Try as we might, no human artist can ever come close to matching the brilliance and creativity of nature. But some, like Moscow-based microbiology enthusiast Daria Fedorova, manage to harness nature’s wonders and arrange them into incredible compositions. Straddling the boundary between science and art, Fedorova – who works under the name Dasha Plesen – collects strains of bacteria, fungi, and slime molds and uses them to inoculate Petri dishes that become little works of living art.
The result of each experiment comes down to a combination of skill and coincidence. Fedorova takes samples from her collection of organisms, stored in plastic containers in a drawer at her home, and basically “draws” with them onto the Petri dishes. Each one is allowed to grow for between five and 20 days. The results vary depending on which organisms come into contact with each other, how they react, and whether any contamination is present.
“As usual, all of the most successful experiments are born by chance, when you least expect it,” the artist writes on Instagram. “I remember the day when I tried to transplant some colonies with a loop in the lab, and nothing came of it, there was just simply no growth and the final picture was completely different. When I sow my cups, I dance, touching everything around, singing wonderful songs and mentally floating in the air, collecting microscopic particles. Sometimes it seems to me like I’m collecting tiny spirits, that show themselves for a second [before] disappearing again. This is no longer microbiology, not even art, this is probably what micro-quantum entanglement looks like.”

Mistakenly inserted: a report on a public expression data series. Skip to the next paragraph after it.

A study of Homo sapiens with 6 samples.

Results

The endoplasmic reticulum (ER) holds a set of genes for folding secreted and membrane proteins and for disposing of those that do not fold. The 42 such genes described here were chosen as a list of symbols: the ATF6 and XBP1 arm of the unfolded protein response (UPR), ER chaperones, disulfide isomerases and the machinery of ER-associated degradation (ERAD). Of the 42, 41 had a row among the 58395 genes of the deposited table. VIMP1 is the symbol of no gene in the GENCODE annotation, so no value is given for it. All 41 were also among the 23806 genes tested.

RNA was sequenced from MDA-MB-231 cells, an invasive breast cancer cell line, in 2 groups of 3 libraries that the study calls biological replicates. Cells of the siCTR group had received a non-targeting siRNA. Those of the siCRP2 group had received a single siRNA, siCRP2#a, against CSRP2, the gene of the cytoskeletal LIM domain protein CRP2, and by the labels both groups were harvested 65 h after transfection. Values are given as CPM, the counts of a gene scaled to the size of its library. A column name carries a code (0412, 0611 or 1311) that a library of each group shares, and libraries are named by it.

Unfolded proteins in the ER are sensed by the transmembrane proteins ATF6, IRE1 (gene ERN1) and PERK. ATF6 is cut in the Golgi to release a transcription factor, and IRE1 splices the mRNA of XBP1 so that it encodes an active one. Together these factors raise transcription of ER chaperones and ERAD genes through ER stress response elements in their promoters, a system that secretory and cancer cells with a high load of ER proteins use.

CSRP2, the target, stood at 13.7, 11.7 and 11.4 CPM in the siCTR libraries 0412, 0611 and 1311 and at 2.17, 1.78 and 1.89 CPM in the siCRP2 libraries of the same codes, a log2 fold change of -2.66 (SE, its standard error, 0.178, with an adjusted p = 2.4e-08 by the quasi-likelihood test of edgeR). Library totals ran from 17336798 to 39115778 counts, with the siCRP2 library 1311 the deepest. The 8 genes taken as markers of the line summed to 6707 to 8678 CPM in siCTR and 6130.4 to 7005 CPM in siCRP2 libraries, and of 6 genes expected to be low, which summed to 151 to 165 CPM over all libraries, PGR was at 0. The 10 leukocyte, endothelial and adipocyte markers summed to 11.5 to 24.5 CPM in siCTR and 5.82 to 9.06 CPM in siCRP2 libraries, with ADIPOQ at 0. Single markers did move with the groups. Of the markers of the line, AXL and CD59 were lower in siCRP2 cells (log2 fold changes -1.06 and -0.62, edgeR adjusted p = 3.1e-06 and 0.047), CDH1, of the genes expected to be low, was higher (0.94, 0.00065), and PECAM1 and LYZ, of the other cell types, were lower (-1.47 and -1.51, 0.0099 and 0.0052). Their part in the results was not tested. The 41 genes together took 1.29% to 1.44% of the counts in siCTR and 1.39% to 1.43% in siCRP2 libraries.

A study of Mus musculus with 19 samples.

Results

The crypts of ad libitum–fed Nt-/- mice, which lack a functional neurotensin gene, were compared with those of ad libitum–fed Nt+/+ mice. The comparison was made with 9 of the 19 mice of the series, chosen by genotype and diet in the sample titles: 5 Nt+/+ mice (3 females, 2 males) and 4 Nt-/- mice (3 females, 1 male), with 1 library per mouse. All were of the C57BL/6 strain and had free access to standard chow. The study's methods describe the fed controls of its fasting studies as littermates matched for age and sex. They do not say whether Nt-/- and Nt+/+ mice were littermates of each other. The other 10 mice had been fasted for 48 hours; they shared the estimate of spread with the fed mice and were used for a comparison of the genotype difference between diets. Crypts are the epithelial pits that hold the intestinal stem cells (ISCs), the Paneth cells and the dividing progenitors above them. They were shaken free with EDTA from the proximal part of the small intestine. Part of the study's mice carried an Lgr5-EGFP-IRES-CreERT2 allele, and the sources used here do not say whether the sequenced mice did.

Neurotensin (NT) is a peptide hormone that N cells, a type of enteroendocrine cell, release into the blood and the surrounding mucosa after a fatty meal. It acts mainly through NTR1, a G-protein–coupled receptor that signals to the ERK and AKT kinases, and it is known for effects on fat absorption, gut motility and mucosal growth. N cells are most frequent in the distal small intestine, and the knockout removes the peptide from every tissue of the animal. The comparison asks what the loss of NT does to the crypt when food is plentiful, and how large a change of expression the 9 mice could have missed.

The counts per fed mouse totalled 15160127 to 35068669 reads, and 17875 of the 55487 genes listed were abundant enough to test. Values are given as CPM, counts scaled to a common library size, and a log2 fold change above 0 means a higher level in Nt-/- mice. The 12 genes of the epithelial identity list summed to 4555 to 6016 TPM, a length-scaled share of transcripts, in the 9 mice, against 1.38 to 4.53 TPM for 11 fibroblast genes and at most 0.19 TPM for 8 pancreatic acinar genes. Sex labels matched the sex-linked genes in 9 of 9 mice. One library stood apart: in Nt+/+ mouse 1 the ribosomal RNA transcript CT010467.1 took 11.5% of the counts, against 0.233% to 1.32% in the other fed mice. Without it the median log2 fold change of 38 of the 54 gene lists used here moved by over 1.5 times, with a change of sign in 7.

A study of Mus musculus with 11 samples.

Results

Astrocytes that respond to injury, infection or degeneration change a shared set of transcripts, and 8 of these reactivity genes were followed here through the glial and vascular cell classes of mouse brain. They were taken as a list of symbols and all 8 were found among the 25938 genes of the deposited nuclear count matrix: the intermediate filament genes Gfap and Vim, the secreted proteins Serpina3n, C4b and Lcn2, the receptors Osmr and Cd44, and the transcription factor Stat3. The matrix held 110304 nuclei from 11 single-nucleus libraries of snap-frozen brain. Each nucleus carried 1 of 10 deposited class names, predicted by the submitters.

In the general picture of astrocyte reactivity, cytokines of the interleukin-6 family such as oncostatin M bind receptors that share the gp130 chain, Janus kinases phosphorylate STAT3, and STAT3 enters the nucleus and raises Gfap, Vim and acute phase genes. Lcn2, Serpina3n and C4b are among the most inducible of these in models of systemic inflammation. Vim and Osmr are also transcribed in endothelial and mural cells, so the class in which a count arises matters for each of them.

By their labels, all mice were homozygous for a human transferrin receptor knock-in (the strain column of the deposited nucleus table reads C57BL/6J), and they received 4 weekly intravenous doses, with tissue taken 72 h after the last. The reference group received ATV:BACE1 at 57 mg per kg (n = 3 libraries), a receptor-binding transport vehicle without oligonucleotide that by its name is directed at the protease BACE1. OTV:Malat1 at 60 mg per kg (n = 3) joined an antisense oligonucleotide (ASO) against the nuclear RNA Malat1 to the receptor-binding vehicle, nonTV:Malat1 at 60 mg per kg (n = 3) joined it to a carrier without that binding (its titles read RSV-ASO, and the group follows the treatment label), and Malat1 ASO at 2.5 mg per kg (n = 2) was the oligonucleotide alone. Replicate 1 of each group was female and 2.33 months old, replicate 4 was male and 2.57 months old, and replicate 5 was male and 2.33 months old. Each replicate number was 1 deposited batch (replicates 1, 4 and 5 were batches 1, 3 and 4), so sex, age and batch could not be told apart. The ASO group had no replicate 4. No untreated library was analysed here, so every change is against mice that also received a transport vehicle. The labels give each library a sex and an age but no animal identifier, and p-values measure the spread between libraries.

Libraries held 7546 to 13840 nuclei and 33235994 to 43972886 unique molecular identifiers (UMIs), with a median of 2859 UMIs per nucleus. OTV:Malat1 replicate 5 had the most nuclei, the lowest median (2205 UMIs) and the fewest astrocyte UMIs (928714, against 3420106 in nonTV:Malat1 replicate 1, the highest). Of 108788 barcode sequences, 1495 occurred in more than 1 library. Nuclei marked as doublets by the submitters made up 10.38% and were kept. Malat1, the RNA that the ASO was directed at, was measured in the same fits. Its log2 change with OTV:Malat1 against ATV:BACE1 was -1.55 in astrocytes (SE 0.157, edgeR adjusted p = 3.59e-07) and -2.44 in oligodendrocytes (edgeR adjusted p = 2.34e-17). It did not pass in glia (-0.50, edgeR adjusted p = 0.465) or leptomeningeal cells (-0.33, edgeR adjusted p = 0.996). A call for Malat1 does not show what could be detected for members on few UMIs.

Close-up images of each composition reveal bizarre landscapes of wrinkled jelly-like substances, fuzzy balls resembling pom-poms, fine glittering dusts produced by millions of spores, and what looks like bubbling witches’ brews. Some of these striking creations call to mind alien planets. Fedorova sometimes carries out her process of “seeding” the Petri dishes in public as a sort of performance art, and she’s even turned some of her painterly scenes into imagery printed onto textiles.
“We are all swimming in the ocean of tiny spores and organisms, breathing them in, and carrying them on the top of our skin and inside the body,” the artist told Colossal. “I was interested in this parallel between the physical world we can touch and also another physical world, which also presents, but is kind of metaphysical, invisible, somewhere between the air layers, vibrations, energies, nature.”
Slime molds are some of the most fascinating organisms on Earth. If you ever come across an absolutely bizarre-looking substance in the woods, chances are you’ve found one. Feeding on bacteria, yeasts, and fungi, slime molds exist as single-celled organisms when food is abundant but congregate and move as a single collective body when needed to detect food sources. In this state, they might look like clusters of blood vessels, coral, beads, or abstract graphic shapes. They don’t have brains, but they’re smart, remembering the locations of food sources and even completing complex mazes. Doesn’t that make these Petri dish creations even more incredible?